Advertising and bigger-than-self-problems

This piece by Tom Crompton, originally published in the Common Cause report (Sept 2010), presents a possible campaign for a change that could have generic benefits in promoting concern about a range of bigger-than-self problems– for example, environmental challenges, development challenges and inequalities– at a ‘cognitive’ level. It preceded and was the inspiration for the PIRC-WWF report “Think Of Me As Evil?”.

There is not space to develop this case in full here, but there is clear evidence that high levels of exposure to commercial marketing – the average adult sees some 3,000 advertisements a day according to some estimates – has an impact on a person’s values. Greater exposure to commercial marketing is correlated with higher levels of materialism, and lower levels of concern about a range of bigger than-self problems, and there is also good evidence that exposure to commercial advertising actually causes increased levels of materialism (as opposed merely to being correlated with them) (see Section 2.5).

Much advertising directly promotes the self-interest frame, which we know to be unhelpful, and serves to strengthen the goals of financial success, popularity and image, and the values of power and achievement.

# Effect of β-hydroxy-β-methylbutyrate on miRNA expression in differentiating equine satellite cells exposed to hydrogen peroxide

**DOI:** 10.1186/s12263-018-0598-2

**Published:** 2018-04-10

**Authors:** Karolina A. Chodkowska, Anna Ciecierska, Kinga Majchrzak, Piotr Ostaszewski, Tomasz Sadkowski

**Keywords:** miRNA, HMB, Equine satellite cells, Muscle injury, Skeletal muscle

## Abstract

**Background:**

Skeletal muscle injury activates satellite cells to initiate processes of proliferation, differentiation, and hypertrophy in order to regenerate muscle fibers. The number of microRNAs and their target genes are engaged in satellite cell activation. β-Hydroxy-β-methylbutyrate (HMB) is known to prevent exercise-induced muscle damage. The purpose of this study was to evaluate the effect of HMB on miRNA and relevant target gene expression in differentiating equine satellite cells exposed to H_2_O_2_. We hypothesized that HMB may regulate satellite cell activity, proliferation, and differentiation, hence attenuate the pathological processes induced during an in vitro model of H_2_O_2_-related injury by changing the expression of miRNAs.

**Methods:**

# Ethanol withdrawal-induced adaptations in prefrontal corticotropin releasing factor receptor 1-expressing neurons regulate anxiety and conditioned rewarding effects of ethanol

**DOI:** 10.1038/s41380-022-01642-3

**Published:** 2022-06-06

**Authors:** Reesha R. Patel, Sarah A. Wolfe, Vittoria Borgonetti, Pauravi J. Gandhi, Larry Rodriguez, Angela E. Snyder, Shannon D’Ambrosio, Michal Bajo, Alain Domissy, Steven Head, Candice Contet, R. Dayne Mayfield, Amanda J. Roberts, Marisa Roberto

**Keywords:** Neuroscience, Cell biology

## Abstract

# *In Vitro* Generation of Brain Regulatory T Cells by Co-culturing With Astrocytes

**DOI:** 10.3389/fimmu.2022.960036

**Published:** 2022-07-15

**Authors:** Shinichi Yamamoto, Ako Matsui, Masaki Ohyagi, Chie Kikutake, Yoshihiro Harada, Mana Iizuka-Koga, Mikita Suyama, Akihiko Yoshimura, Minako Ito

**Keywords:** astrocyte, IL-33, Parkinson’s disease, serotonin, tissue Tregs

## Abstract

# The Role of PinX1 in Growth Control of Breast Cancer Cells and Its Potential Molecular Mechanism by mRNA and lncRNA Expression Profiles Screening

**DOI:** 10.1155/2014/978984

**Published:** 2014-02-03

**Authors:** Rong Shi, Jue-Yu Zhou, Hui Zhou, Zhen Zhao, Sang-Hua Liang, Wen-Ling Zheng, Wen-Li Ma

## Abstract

There is therefore common interest across a range of civil society organisationsworking to tackle bigger-than-self problems to campaign for reductions in people’s exposure to commercial best online casino advertising – particularly, further reductions in children’s exposure. Such campaigns might be best presented in terms of the impacts of commercial marketing upon people’s freedom to ‘think for themselves’ (particularlyin the light of mounting evidence that the most persuasive effects of advertising are unconscious); rather than in terms (for example) of advertising having the effect of increasing the material consumption of unhealthy or unsustainable products. Important as this latter effect is, a crucial benefit of a campaign focused on advertising would be to raise public awareness of the indirect impacts that advertising has on levels of happiness, community feeling, parent-child conflict, etc.

It is possible to envisage a great many other campaigns, each designed to engage at the level of values. These might range, for example, from initiatives to address income inequality, to campaigns that encourage the uptake of wellbeing indicators (rather than economic indicators) as primary measurements of national progress, to projects to encourage the conversion of streets into ‘home zones’, with attendant increases in community cohesion.